First of all I want to clearly state that open source has changed my life, allowed to quit my 9-5 job and dedicate my time to the things I love. There are plenty of good things that come out of it, however, I'll be focusing on the dark side of it on this thread. 🌑
Have you ever stopped to look at the GitHub landscape? It's not unusual to see companies leading the top starred/ forked and used libraries out there. Angular (Google) Font-Awesome (Twitter) React (Facebook) Bootstrap (Twitter) Tensorflow (Google) Flutter (Google) VsCode...
Why is this? Can't we all do open source projects? What's going on here?
I myself sum more than 37K stars on my open source projects at GitHub and I've suffered the open source dilemma in some way or another. Here's the thing: 👇
We can all play at home in a rainy day and come up with a great idea we get motivated with. Then, with a bit of luck we can gain some track and carry some people with us on the way. Gain some stars, becoming a trending dev a couple of days and have a usable and decent project
But then we realise it is not only about building it, adding it in your CV and keep going with your life as if nothing happened. It is a constant flow of new bugs, issues, questions, enhancements… A never ending task demanding constant monitoring.
And of course, the more popular it gets, the more time it will require from you. (This is the trap!) That's what I like to call: "The maintenance dilemma". At some point in time, you’ll have to take a decision: 1 -You stop maintaining it. 2- Or you keep doing it.
If you keep doing it, you’ll probably have to sacrifice your own free time. You’ll have to choose between a barbecue with friends during the weekend or fixing bugs and closing issues by yourself at home. Between chilling out with a movie or adding new "urgent" feature.
And of course, do not even think about creating any other new open source projects with those great ideas you have in mind. You know you won’t have time for it unless you decide sleeping is for losers, and at that point, your life is at risk.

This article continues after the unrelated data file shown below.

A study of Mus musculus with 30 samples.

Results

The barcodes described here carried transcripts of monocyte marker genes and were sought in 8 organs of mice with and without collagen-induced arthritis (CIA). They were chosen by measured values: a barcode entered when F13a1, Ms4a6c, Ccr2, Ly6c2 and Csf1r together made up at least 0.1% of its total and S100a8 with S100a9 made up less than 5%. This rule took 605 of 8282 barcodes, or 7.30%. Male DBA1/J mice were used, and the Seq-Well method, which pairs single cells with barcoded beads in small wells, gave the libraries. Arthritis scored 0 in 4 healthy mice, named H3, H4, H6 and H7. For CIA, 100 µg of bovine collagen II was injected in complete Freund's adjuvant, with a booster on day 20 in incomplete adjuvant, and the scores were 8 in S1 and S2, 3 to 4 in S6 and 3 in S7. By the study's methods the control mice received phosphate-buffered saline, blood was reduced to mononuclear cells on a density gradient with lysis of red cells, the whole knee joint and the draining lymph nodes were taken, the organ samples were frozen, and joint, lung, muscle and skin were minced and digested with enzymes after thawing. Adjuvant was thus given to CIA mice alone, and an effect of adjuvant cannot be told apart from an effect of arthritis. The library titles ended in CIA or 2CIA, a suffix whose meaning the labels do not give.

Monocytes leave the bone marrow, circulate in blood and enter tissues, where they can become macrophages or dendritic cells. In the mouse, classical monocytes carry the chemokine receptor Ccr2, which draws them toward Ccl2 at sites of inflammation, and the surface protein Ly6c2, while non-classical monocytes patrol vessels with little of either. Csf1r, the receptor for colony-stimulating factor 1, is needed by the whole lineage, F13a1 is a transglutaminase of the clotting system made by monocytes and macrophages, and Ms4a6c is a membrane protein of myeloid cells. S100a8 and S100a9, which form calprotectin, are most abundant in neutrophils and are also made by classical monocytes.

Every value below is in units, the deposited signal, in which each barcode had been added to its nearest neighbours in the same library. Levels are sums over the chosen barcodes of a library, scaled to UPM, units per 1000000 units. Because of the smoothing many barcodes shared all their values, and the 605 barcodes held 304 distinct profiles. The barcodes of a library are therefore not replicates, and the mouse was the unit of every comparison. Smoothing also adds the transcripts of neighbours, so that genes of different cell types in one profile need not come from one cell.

"But Alvaro, won’t open source projects get maintained and supported by the good people in the open source community? I’m sure they won’t just die!" Are you sure about that? I bet you've found tens of unmaintained or dead projects with no support and issues getting accumulated
Unless the project is quite promising and you decide to invest your life on it, the answer is "no". The "community" tend to just use your "free" project and few are the ones willing help maintaining and improving a project in the long term.
In fact, sometimes the more they want to help the more of a burden they put on your shoulders. Now, on top of all you do, you'll have to review their pull request, understand it and potentially get into a conversation to fix that issue/feature you've never thought of.
Here's a great article by @geerlingguy explaining why he won't allow pull request on his open source projects:
So, is open source great after all? Sure! But specially if developers working on them don't burn out. Great open source projects tend to be the ones maintained by developers who get paid to work on those. Those who can dedicate their full-time and effort on improving them.
That's why I believe having a company behind a project tends to result in a better project and in some way gives you the security that the project won't get unmaintained next week.
I've been working on mine for about 7 years and recently reached its record of 114K npm downloads in a week. "But Alvaro, how? Didn't you burned out?" 👇
After 3 years working on my side open source project for free along with my 9-5 developer job, I decided try selling paid extensions. 6 months after that I quit my job to dedicate full-time to it.
Since then I noticed thing became less of a burden for me. I happily answer emails, stackoverflow questions, Github issues, Webflow forums and DMs on Twitter. I don't see it as a sacrifice anymore but as great opportunity to work on what I like.
It is now when I can fully dedicate myself to it if I need / want and I can create a better experience for developers by providing fast support, fixing bugs quicker and giving them the security that the project won't just die. Unlike probably 80% of the projects on Github.
This is definitely a win-win in my case. It's good for me AND it's good for developers who want to use it. I've been lucky finding this equilibrium, but not everybody can. When this doesn't happen, the dark side might end up turning down some projects on the way.
This is my story and my point of view, but there are many others you can listen to with much bigger open source projects. Here's great talk from @fat from Bootstrap and Bower explaining why he feels guilty creating open source projects and the cost of it:
If you are interested on web development (front-end mainly), startups, entrepreneurship or just open source in general, follow me at @imac2. And remember: “If Once You Start Down The Dark Path, Forever Will It Dominate Your Destiny.”